We have stood with India as it faced this aggression along its border over the last six-seven months. We provided equipment. We have been engaged with India, shown our moral support for India to be able to stand up to the Chinese and make sure that there's a peaceful resolution and de-escalation of the situation, said the official.
The armies of India and China are locked in a tense border standoff in eastern Ladakh since early May. Both sides have held multiple rounds of military and diplomatic talks. However, no breakthrough has been achieved yet.
During the Trump administration, the United States has become the second largest arms supplier to India, growing from virtually no sales a decade ago to more than USD 20 billion today, the official said.
Earlier this year, the US and India concluded USD 3 billion in defence sales for naval and attack helicopters. To bolster India's role as a net provider of security in the Indo-Pacific, the Trump administration has lifted restrictions on provision of sensitive defence technology, enabling India to become the first country that's not a treaty ally of the United States to be offered armed MQ-9 Reaper drones.
In support of India during its border standoff with China, the United States has leased two MQ-9s to India while the sale of MQ-9s is being finalised, said the official.
The US also expedited delivery of cold weather gear to support the deployment of Indian military along the Line of Actual Control (LAC) through the winter, said the senior administration official.
In addition, we have concluded the basic exchange and cooperation agreement, which is the last of the so-called key defence enabling agreements. I think this is really a historic achievement that clearly demonstrates progress in defence partnership, said the official.
Responding to a question, the senior administration official said that the US cut security aid and reimbursements to Pakistan in January 2018. There have been some exceptions, such as for things that are in the US interest.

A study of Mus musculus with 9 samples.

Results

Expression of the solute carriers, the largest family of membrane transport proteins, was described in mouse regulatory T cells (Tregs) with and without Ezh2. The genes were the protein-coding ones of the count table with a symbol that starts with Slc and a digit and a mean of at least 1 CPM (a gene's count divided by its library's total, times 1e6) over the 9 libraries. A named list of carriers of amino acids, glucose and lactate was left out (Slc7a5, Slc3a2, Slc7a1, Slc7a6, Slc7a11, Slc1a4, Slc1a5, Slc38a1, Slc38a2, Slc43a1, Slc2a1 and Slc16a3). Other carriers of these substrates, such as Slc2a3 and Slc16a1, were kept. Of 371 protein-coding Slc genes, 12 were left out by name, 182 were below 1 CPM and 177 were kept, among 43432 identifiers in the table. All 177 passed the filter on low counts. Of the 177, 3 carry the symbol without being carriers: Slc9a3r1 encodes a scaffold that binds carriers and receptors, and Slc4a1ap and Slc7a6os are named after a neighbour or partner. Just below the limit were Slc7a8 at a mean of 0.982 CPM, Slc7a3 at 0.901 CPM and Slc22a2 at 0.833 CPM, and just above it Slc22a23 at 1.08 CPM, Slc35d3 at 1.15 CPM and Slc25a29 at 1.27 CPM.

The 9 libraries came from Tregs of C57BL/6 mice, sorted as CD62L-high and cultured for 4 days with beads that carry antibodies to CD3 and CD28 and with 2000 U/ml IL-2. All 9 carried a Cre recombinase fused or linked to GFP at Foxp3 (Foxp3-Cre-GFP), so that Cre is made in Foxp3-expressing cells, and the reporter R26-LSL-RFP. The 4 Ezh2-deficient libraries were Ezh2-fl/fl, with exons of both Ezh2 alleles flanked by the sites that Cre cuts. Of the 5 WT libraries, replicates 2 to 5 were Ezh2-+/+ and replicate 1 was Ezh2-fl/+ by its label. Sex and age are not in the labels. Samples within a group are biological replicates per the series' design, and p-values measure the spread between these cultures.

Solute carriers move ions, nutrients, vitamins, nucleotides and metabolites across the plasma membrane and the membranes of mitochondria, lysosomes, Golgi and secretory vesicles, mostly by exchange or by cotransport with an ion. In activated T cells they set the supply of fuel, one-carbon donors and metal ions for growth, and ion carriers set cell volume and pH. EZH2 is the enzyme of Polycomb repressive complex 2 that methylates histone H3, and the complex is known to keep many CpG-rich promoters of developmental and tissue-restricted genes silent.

Some minor exceptions. But the suspension remains in effect. We continue to look to Pakistan to crack down on terrorists and militants on its territory. We've seen some progress on that front. But we certainly need to see more. We need to see a decisive crackdown, and sustained measures to rein in these terrorists and militant groups, said the official.
We have received cooperation from Pakistan on the Afghan peace process. We value the cooperation that we have received from Pakistan. We continue to work with Pakistan and look to them to help when it comes to convincing the Taliban to reduce violence, for example.
We were glad to see that the two sides are sitting down in Doha, and have been for the last several months, but we are very troubled by the high levels of Taliban violence that continues. So, we do look to Pakistan to help us move the peace process forward. And right now, that means to see a reduction in violence from the Taliban, the senior administration official added.
His remarks came as a high-level delegation of the Afghan Taliban, led by Mullah Abdul Ghani Baradar, met Pakistan's Foreign Minister Shah Mahmood Qureshi in Islamabad on Wednesday and discussed the Afghan peace process, amid growing incidents of violence in the war-torn country.
The delegation is visiting Pakistan at a time when President Trump has ordered the withdrawal of more American soldiers from Afghanistan, leaving around 2,500 troops behind in the strife-torn country.
(Only the headline and picture of this report may have been reworked by the Business Standard staff; the rest of the content is auto-generated from a syndicated feed.)